Here's what the GOP tax plan could mean for you
(WASHINGTON) — The more than one thousand-page tax bill released by House and Senate Republicans on Friday evening moves the needle closer to possible passage of sweeping legislation that could impact millions of Americans.
The bill provides provisions for deep tax cuts for corporations, tax breaks for the wealthy, and what experts say are more limited benefits for middle-class Americans.
Here is what ABC News has learned will be included in that bill:
— Corporate rate to 21%, down from 35% under current law. Takes effect in 2018.
— Eliminates Corporate Alternative Minimum Tax – Had been “rolled back” but not repealed in previous versions, according to Sen. John Cornyn.
— Pass-through deduction rate set at 20% for first $315,000 of joint income
FOR THE WEALTHY
— Top individual rate to 37%, down from 39.6% under current law.
— Individual Alternative Minimum Tax exemption increased to $500k for individuals, $1 million for couples filing jointly.
FOR THE MIDDLE CLASS
— Standard deduction increased from $12,700 to $24,000 (had been previously reported as $24,400) for joint returns and from $6,350 to $12,000 for individuals. According to the Tax Policy Center, more than two-thirds of Americans take the standard deduction when filing taxes.
— Tax brackets: 7 brackets + a 0% rate 10%, 12%, 22%, 24%, 32%, 35%, 37%
— Doubles the amount of the current exemption from the Estate Tax (currently $5.5 million)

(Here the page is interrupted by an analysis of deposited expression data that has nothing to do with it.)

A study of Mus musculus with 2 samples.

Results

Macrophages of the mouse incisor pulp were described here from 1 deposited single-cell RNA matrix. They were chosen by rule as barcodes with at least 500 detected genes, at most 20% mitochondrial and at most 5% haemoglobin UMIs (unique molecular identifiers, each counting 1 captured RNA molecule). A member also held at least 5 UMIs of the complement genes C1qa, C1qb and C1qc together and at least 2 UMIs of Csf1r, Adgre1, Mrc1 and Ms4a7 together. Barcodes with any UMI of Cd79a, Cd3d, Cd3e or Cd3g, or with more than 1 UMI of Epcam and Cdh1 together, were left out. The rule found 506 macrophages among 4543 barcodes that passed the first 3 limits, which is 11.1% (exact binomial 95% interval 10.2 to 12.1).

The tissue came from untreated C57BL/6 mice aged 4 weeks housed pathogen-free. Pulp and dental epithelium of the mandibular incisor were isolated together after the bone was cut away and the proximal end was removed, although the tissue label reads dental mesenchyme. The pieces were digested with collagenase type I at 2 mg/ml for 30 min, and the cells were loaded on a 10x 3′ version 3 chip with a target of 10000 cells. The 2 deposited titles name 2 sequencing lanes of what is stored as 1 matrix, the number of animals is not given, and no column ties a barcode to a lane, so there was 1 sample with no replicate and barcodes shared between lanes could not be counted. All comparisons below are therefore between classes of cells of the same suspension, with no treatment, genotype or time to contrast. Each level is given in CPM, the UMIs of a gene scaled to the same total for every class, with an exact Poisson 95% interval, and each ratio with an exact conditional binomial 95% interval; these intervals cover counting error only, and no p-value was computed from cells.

For those who ITEMIZE instead of take the standard deduction
— State and local tax deduction capped at $10,000 combined from any/all categories (property/income/sales taxes). Current law caps property tax deduction at $1 million. There are no current caps on state/local income tax deduction.
— Mortgage interest deduction capped at $750k, down from $1 million under current law.
— Graduate school stipend deduction (tax-free tuition waivers) preserved.
— Student loan interest deduction preserved.
— Medical expense deduction is preserved. It allows Americans to deduct medical expenses not covered by insurance that exceed 10 percent of adjusted gross income.
— Child Tax Credit preserved. Expanded from $1,000 to $2,000 and refundable up to $1,400 – had previously been refundable up to $1,100 but Rubio got it raised
— Adoption tax credit is preserved
— Charitable giving tax deduction is preserved
— Repeal of individual mandate requiring health insurance. According to CBO, repealing Obamacare’s individual mandate insurance could lead to 13 million more Americans without health insurance, while saving the government $338 billion in federal health insurance subsidy payments over the next decade.